WASHINGTON -- The Senate Judiciary Committee voted on Thursday to force cops to get a warrant to spy on your email. It was a first step toward beating back the "growing and unwelcome intrusion into our private life in cyberspace," as Sen. Patrick Leahy (D-Vt.), who offered the amendment, put it.
But the fact that the vote even needed to take place may surprise many Americans who assume their online inbox has the same protections as the one sitting on their desk at home.
Because of judicial precedent and a law that is more than 25 years old, however, the email accounts of anyone who uses webmail providers like Google, Yahoo, AOL or Microsoft can in many cases be accessed without a warrant. And while the exact mechanics of the investigation into former CIA Director David Petraeus' now-infamous emails are shrouded in mystery, that episode illustrates that much can be revealed, against our will, by a simple look into the inbox.
"I think that people can and do have an expectation that their email will be private and should require a search warrant -- but unfortunately the Department of Justice does not agree," said Kurt Opsahl, a senior staff attorney with the Electronic Frontier Foundation.
Email privacy protections are at their core shaped by two decisions made decades ago. One, made by the Supreme Court in a pair of rulings in the 1970s, holds that Americans cannot expect Fourth Amendment protections for information they have handed off to a third party. According to the Department of Justice's interpretation, any warrant requirement for law enforcement involving a third party -- in effect, anything transmitted across the Internet -- must be protected by an act of Congress.
The second is the Electronic Communications Privacy Act, which was passed by Congress in 1986 and based on the technology of the time. Users of the then-nascent Internet generally downloaded emails to their hard drive if they wanted to save them, and service providers deleted messages on their servers immediately to free up scarce storage space.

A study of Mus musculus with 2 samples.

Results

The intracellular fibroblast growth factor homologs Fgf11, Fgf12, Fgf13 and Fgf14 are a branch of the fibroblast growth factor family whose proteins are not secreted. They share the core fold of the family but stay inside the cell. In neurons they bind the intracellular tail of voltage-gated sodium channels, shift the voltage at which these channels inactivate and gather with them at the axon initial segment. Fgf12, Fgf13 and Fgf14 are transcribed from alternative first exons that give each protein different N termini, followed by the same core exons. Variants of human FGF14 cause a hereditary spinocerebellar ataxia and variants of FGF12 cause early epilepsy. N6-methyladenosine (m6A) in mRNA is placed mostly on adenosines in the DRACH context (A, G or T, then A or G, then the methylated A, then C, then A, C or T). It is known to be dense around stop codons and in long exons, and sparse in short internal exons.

ECPA said that if an email was unopened and fewer than 180 days old, law enforcement would need to get a warrant to read it on a server. After six months or after the email was opened, however, the local police or the FBI would only need to swear out an administrative subpoena. They would essentially need to say only that the information in an email account was relevant to an investigation.
The Sixth Circuit Court has ruled that emails should be protected by the Fourth Amendment's warrant requirements after all. But the reach of the Sixth Circuit's ruling is unclear. Law enforcement generally assumes it only needs a subpoena -- its own say-so -- to download your messages.
These days, said Chris Calabrese, legislative counsel for the American Civil Liberties Union, "basically all the interesting stuff that you're saving is largely accessible without a warrant." That includes non-email content stored in the cloud.
"ECPA was passed in 1986," he said. "Hasn't been updated since then. So you've got 1986 law trying to track to 2012 technology -- and that's just very difficult to do."
Leahy, who helped pass ECPA in the first place, admitted in the Thursday Senate committee meeting that the 180-day rule was an "anachronistic distinction."
If Internet users want to protect the privacy of their email they should read it the old-fashioned way: downloading everything to their hard drive and deleting it off the server. As their own physical property -- bits and bytes on their hard drive -- it will be protected by the Fourth Amendment.
Leahy's amendment to ECPA would expand those protections to all emails, whether stored online or off. It would also protect information stored in the cloud like documents in Google Drive. But there were signs during the committee vote on Thursday that as the amendment winds its way through the Senate floor and the House, conservatives may object to the bill's limits on law enforcement.
Admitting that ECPA is "is in need of review," Sen. Charles Grassley of Iowa, the committee's ranking Republican, said that he was worried about objections from law enforcement, which prefers the current, lower standard. He also raised the prospect that an emergency exemption in the law might not be broad enough in cases of child kidnapping.
"It would be a travesty of justice if a child died and key information had been available in a child's account," Grassley said. His amendment for a broad exception in cases of child abduction, kidnapping, child pornography or violent crimes against women was voted down.
Even if email privacy law is eventually strengthened -- which Leahy acknowledged was not likely to happen this year -- wary email users should keep in mind that it might not just be domestic law enforcement spying on you. If you're sending an email to someone abroad, all bets are off. That's because intelligence agencies like the CIA and NSA monitor foreign Internet traffic under a completely different law called the Foreign Intelligence Surveillance Act.
As the warrantless wiretapping episode under the George W. Bush administration demonstrated, moreover, the limits of what the executive branch can and cannot do under FISA are ill-defined and open to interpretation by overeager spooks. There are supposedly policies in place to protect harmless emails from Americans caught up in the foreign dragnet -- but no one knows how stringent they are or how often they are violated.
"To the extent there are any protections for that regime, they've always been kept secret, and we have no idea how good they are," said Michelle Richardson, legislative counsel for the ACLU.